Family lineage is critical for humans as well. Since 1992 the HERITAGE Family Study has analyzed hundreds of families to find out how "heritable" exercise capacity is, or how much variation in a particular fitness trait is due to genetic inheritance. In one segment of the study, 98 families that had not been exercising were put on identical 20-week training programs on stationary bikes. Their aerobic capacity—a gauge of how much oxygen the body can use during exercise—was measured before the program and at the end. In terms of improvement, family members tended to be similar, while improvement varied widely among families. Even after five months of training, some people in families that benefited little on average did not improve their aerobic capacity one iota, while others in families that generally showed marked improvement increased it up to 50%. Statistical analysis showed that about half of a person's ability to improve with training was determined by his or her parents. The amount any person improved in the study had nothing to do with how good he was to begin with—his "baseline aerobic capacity"—but about half of that baseline, too, was attributable to family inheritance.
In work from the HERITAGE study that has not yet been published, the researchers have identified 20 genetic markers that can predict entirely the genetic component of an individual subject's aerobic capacity improvement after months of bicycle training. The point of the work is to be able to give people individualized advice regarding whether exercise is the key to improving their health, or whether they are among the low responders who might be better off resorting to medication. There are also implications for athletes: These 20 genetic markers can help predict whose strong work ethic will pay off in aerobic spades and who might be pedaling largely in vain.
The HERITAGE Family Study is controlled science, with all subjects on identical training plans. In reality, though, one of the most hallowed notions in sports is that we can each carve our athletic destiny by waking up earlier and working out harder than the guy or girl at the next locker—that is, by adopting different training plans. But researchers have found that even motivation to work out has an important genetic component. A 2006 Swedish study of more than 13,000 sets of fraternal and identical twins—fraternal twins share half their genes on average, while identical twins share all of them—found that the exercise tendencies of identical twins were twice as likely to be similar as those of fraternal twins.
Another 2006 study, of more than 37,000 pairs of adult fraternal and identical twins from six European countries and Australia, concluded that about half to three quarters of the variation in the amount of exercise people engaged in could be accounted for by their genetic makeup, while environmental factors, such as access to a gym, often had less influence. And studies of laboratory mice suggest that the difference could be in genes that regulate dopamine, a brain chemical involved in sensations of pleasure and reward.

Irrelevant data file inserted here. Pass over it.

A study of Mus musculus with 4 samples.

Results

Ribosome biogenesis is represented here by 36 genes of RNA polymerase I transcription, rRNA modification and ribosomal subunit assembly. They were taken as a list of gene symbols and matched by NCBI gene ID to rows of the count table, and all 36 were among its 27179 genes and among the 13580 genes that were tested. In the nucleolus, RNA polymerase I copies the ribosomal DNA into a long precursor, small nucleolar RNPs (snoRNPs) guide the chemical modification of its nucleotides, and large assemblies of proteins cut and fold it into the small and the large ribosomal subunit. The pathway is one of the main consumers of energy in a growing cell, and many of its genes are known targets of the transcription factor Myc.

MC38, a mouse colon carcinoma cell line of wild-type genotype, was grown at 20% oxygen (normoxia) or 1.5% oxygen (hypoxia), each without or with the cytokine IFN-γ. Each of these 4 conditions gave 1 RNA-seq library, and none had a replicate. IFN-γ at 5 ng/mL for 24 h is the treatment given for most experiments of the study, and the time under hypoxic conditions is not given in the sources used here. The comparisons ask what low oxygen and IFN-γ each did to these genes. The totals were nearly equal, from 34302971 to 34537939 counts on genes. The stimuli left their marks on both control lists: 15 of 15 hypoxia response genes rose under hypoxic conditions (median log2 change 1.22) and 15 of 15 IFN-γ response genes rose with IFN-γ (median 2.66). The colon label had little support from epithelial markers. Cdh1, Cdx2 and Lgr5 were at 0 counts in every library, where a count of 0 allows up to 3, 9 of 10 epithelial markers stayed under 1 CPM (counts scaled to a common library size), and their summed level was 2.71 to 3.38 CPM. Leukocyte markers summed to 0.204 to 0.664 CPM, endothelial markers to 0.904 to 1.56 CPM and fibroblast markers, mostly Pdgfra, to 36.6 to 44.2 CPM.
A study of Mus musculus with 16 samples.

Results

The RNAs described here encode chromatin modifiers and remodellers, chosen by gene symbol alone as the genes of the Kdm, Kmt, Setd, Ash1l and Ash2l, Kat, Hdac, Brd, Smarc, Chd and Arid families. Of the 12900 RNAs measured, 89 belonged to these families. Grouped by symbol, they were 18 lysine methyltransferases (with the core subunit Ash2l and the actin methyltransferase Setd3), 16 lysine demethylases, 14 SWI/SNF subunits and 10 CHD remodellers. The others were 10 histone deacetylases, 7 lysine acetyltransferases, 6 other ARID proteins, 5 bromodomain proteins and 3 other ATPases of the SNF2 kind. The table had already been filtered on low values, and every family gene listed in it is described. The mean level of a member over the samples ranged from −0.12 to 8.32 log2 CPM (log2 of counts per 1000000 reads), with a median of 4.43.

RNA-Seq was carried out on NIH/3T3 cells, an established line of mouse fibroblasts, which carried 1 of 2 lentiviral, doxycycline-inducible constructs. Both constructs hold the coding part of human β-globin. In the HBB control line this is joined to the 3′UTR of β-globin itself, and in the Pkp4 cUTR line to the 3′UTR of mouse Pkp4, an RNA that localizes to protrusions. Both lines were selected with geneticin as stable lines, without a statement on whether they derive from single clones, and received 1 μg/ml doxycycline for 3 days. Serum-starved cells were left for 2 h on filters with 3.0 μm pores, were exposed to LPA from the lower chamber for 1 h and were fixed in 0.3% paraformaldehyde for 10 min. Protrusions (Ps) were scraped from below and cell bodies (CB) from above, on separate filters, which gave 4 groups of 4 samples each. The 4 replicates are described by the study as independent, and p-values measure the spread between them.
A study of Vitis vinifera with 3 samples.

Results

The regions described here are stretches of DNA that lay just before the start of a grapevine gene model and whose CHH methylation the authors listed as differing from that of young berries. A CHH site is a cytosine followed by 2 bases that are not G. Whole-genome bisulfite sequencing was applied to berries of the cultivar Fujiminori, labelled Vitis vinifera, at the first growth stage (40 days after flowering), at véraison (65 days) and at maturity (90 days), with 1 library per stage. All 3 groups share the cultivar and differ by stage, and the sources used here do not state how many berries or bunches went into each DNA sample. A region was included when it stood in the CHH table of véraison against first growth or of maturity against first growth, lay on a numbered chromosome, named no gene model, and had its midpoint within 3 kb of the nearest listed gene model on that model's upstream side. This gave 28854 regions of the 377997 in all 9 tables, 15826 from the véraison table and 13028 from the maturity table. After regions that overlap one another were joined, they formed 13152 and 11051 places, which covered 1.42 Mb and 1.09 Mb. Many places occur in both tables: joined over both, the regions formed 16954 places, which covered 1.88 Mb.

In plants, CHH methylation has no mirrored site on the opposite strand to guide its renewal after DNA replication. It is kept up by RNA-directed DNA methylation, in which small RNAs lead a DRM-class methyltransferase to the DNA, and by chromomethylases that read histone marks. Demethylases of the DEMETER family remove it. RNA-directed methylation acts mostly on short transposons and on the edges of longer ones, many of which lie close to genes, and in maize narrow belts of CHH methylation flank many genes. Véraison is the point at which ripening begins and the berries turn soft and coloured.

For more than a decade Theodore Garland, a physiologist at UC Riverside, has been giving mice a wheel and allowing them to hop on or spurn it. Normal mice voluntarily run three to four miles each day, but Garland and his colleagues separated the mice that chose to run the farthest and bred them with each other. By generation 16 the high runners were pounding out more than seven miles a day. "The normal mice are out for a leisurely stroll," Garland says. "They putz around on the wheel, while the high runners are really running."
But one interesting difference was that the high runners' brains were larger. "Presumably, the centers of the brain that deal with motivation and reward have gotten larger," Garland says. His team plied mice with Ritalin, a stimulant that alters dopamine levels. Once doped, the normal mice, apparently gleaning a greater sensation of pleasure from activity, suddenly ran more. But the doped long runners did not. Whatever Ritalin does in the brains of normal mice is already happening in the brains of the high runners. They are running junkies.
Other studies have begun to identify the specific genes related to dopamine processing that differ between the marathon mice and their average counterparts. "Who says motivation isn't genetic?" Garland asks rhetorically. "In these mice it's absolutely the case that motivation has evolved." A 2003 study found an association in women between physical activity and a particular dopamine receptor gene, DRD2.
Wayne Gretzky famously said, "Maybe it wasn't talent the Lord gave me, maybe it was the passion." But what if the two are inextricable? What if passion is a talent? Might not, say, Floyd Mayweather Jr.—who has been known to jolt awake in the middle of the night salivating to get to the gym—get an innately outsized sense of reward from working out? This gets to the questions that genetics has brought us no closer to answering: Where does genetic motivation bleed into free will? How can we affect our athletic fate? Who's in charge here—is your body running you, or are you running it?
After Mayweather's win over Oscar De La Hoya in 2007, he told SI about an unhappy period in the past when he constantly worried about money. "But I'm happy now," he said giddily, mentioning the $25 million he had made from the fight. Certainly, rewards more obvious than dopamine—such as money—are huge motivators. And, as it does with so many human endeavors, money can counter athletic heritage. "How many of the top Kenyan runners have sons or daughters who are excelling at running?" asks Pitsiladis. "Almost none. Why? Because their father or mother becomes a world champion, has incredible resources, and the child never has to run to school again."